RALEIGH, N.C. (WNCN) — With the excessive heat the Triangle is seeing this week, businesses that rely on staying outside are having to change their plans to keep people safe.

Will Hayes, the co-owner of Roofwerks, said when temperatures hit near-record levels, it takes more than water, hydration packs and hats to keep cool. The company adjusts their hours to try and beat the brunt of the heat.

“Longer lunch breaks and then an earlier finish time,” Hayes said.

The state health department has reported hundreds of heat-related illnesses over the past two months, with the most common emergency department visits coming from people working or playing outside.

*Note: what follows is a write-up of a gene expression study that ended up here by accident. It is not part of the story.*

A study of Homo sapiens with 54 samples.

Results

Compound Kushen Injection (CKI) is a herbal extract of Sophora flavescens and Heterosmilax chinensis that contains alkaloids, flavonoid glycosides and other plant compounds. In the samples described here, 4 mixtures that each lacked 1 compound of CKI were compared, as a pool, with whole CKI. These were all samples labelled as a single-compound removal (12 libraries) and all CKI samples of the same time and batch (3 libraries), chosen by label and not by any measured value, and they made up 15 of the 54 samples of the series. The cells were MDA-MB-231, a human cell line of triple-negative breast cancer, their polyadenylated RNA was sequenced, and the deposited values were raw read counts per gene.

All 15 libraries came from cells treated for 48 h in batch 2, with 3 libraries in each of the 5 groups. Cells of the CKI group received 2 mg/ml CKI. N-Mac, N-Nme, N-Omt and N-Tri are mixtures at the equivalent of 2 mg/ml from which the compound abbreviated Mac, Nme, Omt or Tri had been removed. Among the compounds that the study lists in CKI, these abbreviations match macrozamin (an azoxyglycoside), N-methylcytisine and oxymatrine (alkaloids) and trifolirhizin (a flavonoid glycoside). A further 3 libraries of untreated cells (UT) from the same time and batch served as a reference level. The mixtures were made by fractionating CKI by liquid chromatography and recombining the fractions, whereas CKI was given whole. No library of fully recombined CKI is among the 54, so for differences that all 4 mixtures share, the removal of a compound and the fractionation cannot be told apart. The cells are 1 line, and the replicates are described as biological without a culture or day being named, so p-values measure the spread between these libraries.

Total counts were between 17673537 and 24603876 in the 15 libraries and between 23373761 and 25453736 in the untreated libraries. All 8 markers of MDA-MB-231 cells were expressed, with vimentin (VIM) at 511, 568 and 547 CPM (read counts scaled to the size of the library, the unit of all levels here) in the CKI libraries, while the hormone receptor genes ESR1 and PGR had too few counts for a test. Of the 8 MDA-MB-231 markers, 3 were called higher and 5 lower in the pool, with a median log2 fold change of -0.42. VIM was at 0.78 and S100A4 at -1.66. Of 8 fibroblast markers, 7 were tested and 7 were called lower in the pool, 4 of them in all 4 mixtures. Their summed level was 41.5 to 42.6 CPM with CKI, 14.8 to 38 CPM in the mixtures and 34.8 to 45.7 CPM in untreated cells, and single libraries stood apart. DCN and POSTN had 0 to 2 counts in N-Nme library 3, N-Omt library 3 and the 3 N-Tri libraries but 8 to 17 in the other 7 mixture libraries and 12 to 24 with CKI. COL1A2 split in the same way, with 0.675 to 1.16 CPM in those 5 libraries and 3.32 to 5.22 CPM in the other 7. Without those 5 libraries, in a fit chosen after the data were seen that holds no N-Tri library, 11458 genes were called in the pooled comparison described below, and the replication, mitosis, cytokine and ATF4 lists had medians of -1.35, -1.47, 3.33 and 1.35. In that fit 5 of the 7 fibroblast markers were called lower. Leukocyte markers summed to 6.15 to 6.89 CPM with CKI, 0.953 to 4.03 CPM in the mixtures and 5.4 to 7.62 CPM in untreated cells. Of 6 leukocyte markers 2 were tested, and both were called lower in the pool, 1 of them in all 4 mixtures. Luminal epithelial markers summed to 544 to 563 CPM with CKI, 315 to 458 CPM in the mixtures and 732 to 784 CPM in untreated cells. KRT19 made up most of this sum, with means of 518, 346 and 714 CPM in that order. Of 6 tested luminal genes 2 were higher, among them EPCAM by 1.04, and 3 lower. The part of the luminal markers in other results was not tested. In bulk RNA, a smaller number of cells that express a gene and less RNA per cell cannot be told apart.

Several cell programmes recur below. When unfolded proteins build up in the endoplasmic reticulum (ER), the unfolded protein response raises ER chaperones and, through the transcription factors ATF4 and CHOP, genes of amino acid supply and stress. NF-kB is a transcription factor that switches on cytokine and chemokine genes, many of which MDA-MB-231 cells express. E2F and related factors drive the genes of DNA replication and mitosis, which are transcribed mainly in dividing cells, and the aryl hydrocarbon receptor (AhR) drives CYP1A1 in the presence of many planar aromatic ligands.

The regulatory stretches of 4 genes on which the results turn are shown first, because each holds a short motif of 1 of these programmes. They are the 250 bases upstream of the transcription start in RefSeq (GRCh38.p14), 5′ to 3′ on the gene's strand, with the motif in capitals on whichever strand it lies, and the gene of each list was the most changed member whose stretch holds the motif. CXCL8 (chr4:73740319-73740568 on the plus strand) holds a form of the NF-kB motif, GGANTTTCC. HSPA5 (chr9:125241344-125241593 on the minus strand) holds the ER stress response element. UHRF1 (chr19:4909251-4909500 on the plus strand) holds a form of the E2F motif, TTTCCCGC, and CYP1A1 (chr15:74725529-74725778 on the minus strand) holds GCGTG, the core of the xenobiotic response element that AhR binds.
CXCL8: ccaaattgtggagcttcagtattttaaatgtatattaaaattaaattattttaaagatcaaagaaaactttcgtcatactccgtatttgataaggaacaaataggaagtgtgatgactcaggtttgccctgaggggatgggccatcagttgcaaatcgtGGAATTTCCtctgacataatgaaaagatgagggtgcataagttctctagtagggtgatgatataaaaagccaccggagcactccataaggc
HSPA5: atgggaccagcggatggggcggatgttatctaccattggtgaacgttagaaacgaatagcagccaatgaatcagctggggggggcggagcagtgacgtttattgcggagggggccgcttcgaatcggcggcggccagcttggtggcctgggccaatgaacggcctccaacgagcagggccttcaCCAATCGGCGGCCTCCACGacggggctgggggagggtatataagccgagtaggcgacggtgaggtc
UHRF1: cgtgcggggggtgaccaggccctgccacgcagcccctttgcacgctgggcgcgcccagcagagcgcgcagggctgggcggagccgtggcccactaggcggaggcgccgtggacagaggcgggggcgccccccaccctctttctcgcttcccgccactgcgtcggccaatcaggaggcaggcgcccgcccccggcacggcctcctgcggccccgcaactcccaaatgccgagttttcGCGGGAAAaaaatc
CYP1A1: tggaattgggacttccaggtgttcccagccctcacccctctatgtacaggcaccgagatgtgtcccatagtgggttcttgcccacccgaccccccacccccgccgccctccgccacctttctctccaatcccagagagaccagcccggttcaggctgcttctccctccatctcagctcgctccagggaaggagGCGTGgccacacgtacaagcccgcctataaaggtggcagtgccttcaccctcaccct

Hayes said training is crucial for crews in anticipation of the hottest summer months.

“Being in the heat, it’s the first few weeks where we really see our guys starting to struggle,” Hayes said. “Recognizing heat stroke symptoms and things like that. Much like we go through safety training to keep the guys safe from falls and other dangers, that’s important on days like this.”

Roofing consultant William Honeycutt took his infrared thermometer out to show the vast difference between temperatures on pavement, regular metal roofing and after a cooling treatment has been applied.

“Down on the pavement I’ll show you an example, like 128 degrees. If I go to this metal panel which is on the roof, it’s somewhere around 145.3 and then if we go in this bucket of coating that we’re doing we are around 104,” Honeycutt said.  “It’s a huge difference if you can imagine what it is up there. It’s a 20 degree difference.”